Conservative Victory: A Look at 5 Significant Supreme Court Cases of This Term

Kara Jones

7/13/2014 11:40:00 AM - Kara Jones

The conservative movement experienced considerable achievements throughout the course of the Supreme Court’s October 2013 – June 2014 term. An overview of five key decisions that championed religious freedom, First Amendment rights, and more:

1. National Labor Relations Board (NLRB) v. Noel Canning

Decided June 26, 2014

9 to 0

The Supreme Court ruled unanimously that President Obama had overstepped constitutional authority by making high-level government appointments without consent of the Senate. The president claimed that his authority to appoint officials during this time was pursuant to the Recess Appointments Clause. The Court held that this clause allows the president to make appointments only if the Senate is unavailable. At this particular time, the Senate was not technically in recess and was actually holding pro forma sessions every three days.

Justice Stephen Breyer writing for the majority:

“Presidents have made recess appointments since the beginning of the Republic. Their frequency suggests that the Senate and President have recognized that recess appointments can be both necessary and appropriate in certain circumstances. We have not have not previously interpreted the [Recess] Clause, and, when doing so for the first time in more than 200 years, we must hesitate to upset the compromises and working arrangements that the elected branches of Government themselves have reached.”

2. McCutcheon v. Federal Election Commission (FEC)

Decided April 2, 2014

5 to 4

SCOTUS struck down a Watergate-era cap on individual campaign contributions in this First Amendment rights case. The limits on the total contributions a donor can give to candidates, political action committees, and party committees per election cycle was officially lifted. Echoing 2010’s “Citizens United” case, which overturned constraints on corporate campaign contributions, the Court’s more conservative members ruled in the majority.

Chief Justice John Roberts Jr. writing for the majority:

“Constituents have the right to support candidates who share their views and concerns. Representatives are not to follow constituent orders, but can be expected to be cognizant of and responsive to those concerns. Such responsiveness is key to the very concept of self-governance through elected officials.”

3. Town of Greece v. Galloway

Decided May 5, 2014

5 to 4

Since the Supreme Court ruled in 1983 that legislative prayer does not violate the Establishment Clause of the First Amendment, it was a surprise that Town of Greece v. Galloway was a slim 5 to 4 decision. In this similar case, the High Court once again held that legislative bodies such as city councils can begin their meetings with a prayer. It should be noted that the prayer can explicitly represent a particular faith and the town does not discriminate against minority religions.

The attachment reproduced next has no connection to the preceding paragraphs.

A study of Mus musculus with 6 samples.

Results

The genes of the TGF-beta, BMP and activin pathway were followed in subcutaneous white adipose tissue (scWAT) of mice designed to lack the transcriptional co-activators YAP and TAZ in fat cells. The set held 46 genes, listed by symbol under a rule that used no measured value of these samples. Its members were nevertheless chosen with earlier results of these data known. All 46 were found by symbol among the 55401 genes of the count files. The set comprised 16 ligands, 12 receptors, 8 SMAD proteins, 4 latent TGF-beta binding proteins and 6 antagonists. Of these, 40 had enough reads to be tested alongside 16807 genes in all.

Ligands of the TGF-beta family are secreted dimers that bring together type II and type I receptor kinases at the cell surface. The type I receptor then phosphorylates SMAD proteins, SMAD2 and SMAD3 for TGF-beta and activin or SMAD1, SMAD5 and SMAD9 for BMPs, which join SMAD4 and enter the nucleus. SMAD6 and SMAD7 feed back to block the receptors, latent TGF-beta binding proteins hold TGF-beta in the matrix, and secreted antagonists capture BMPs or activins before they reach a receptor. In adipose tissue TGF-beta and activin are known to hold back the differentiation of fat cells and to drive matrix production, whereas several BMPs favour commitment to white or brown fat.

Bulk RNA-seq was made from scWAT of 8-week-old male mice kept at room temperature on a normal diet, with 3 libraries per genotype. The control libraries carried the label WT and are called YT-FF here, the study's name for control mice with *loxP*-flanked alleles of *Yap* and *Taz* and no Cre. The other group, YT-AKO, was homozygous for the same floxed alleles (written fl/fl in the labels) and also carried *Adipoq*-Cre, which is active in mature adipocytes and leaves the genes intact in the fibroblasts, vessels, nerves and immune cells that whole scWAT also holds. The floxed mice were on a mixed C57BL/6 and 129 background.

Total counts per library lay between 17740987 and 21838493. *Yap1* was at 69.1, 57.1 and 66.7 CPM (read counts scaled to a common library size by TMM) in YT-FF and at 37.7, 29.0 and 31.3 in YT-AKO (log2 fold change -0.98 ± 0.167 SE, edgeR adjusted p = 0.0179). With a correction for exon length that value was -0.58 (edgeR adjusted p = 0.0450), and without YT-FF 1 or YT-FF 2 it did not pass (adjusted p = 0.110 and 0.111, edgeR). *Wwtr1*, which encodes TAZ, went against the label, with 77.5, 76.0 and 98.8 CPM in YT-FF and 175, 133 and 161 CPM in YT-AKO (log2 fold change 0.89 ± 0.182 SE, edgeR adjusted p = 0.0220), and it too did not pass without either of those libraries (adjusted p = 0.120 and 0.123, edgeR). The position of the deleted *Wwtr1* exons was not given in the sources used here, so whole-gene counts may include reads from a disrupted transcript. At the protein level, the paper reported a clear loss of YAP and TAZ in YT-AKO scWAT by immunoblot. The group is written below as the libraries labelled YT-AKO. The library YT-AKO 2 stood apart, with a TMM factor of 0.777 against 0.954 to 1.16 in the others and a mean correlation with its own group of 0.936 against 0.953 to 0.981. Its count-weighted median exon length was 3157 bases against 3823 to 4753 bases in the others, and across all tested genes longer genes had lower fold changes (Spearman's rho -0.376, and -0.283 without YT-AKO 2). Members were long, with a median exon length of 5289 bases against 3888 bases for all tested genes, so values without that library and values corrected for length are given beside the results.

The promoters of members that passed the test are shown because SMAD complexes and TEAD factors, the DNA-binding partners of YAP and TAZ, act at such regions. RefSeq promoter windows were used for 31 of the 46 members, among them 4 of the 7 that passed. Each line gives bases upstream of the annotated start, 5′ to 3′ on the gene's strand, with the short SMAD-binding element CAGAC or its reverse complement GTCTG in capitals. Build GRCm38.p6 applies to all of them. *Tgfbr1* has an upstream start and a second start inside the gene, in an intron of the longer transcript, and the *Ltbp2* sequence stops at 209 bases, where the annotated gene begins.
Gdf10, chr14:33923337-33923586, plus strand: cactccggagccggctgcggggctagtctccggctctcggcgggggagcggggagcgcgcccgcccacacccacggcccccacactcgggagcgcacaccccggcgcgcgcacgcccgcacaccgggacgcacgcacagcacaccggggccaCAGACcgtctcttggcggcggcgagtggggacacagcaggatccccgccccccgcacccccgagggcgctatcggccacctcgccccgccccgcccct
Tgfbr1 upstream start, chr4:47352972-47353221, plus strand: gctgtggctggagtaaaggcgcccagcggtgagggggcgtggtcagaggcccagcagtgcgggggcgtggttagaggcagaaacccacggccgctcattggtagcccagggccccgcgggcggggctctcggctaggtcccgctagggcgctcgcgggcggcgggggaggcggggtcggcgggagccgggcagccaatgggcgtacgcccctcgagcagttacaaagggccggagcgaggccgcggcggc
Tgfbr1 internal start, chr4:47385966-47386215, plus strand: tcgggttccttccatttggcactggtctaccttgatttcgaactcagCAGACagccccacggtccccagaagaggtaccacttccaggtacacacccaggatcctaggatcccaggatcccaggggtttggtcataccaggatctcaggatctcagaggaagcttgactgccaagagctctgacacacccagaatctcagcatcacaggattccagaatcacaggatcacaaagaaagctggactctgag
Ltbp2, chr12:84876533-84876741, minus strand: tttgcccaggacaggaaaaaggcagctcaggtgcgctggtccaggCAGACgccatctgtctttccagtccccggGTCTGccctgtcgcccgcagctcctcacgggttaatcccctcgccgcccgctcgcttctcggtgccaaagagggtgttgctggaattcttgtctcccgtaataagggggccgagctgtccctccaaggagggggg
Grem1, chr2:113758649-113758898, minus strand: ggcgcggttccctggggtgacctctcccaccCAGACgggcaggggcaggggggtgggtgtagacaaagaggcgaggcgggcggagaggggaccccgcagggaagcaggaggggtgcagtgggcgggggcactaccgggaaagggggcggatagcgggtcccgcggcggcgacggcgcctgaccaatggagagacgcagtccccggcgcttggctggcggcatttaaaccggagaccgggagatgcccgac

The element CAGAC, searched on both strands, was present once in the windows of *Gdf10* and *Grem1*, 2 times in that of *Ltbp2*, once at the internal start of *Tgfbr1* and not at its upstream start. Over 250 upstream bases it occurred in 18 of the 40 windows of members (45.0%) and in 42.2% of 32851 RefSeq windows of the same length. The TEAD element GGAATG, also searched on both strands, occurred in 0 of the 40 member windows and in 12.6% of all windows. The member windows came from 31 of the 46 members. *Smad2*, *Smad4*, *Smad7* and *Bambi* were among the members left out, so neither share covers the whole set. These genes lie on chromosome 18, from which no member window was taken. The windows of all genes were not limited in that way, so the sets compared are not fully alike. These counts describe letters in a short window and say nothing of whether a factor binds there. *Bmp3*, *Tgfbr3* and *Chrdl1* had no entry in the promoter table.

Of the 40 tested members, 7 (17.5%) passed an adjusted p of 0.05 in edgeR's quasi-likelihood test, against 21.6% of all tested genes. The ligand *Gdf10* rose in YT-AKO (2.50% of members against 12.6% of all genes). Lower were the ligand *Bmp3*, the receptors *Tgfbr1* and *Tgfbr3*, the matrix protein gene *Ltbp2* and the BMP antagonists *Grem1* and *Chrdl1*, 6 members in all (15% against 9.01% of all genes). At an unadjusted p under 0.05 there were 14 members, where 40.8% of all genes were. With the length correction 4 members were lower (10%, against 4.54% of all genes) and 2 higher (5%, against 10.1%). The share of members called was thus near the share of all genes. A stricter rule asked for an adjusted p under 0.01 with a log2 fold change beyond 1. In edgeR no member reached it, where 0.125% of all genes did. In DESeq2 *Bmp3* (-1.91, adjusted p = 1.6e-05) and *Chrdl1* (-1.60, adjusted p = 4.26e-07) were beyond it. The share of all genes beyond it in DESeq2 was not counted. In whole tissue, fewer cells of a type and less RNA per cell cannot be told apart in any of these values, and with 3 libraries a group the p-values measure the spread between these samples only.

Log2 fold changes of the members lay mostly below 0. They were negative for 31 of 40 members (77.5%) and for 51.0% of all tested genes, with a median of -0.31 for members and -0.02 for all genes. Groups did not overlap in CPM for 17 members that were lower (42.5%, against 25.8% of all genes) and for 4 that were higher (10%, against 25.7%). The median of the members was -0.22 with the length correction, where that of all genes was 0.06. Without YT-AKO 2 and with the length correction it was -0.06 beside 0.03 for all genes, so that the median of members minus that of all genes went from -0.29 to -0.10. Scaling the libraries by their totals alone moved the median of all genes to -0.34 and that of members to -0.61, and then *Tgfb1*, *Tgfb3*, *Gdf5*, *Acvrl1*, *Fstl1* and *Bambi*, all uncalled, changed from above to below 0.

Justice Anthony Kennedy writing for the majority:

"The decision concluded that legislative prayer, while religious in nature, has long been understood as compatible with the Establishment Clause. As practiced by Congress since the framing of the Constitution, legislative prayer lends gravity to public business, reminds lawmakers to transcend petty differences in pursuit of a higher purpose, and expresses a common aspiration to a just and peaceful society."

4. Schuette v. Coalition to Defend Affirmative Action

Decided April 22, 2014

6 to 2

In this complicated ruling, SCOTUS decided that states are free to prohibit considerations of race and sex in university admission processes. It was ruled that the Equal Protection Clause of the Fourteenth Amendment is not violated when a state bars a college from discriminating and/or granting preferential treatment to students based on these factors.

Justice Antonin Scalia writing for the majority:

“‘The Constitution proscribes government discrimination on the basis of race, and state-provided education is no exception’...It is precisely this understanding – the correct understanding – of the federal Equal Protection Clause that the people of the State of Michigan have adopted for their own fundamental law. By adopting it, they did not simultaneously offend it.”

5. Burwell v. Hobby Lobby Stores, Inc.

Decided June 30, 2014

5 to 4

An HHS mandate of the Affordable Care Act was struck down as the Supreme Court ruled in what was perhaps the most anticipated decision of this term. The case brought into question the religious rights of corporations such as Hobby Lobby and Conestoga Wood Specialties Corp. It was decided that closely held for-profit businesses can not be forced to provide contraceptive coverage that conflicts with their religious beliefs.

Justice Samuel Alito Jr. writing for the majority:

“The owners of the businesses have religious objections to abortion, and according to their religious beliefs the four contraceptive methods at issue are abortifacients. If the owners comply with the HHS mandate, they believe they will be facilitating abortions, and if they do not comply they will pay a very heavy price – as much as $1.3 million per day, or about $473 million per year, in the case of one of the companies. If these consequences do not amount to a substantial burden, it is hard to see what would.”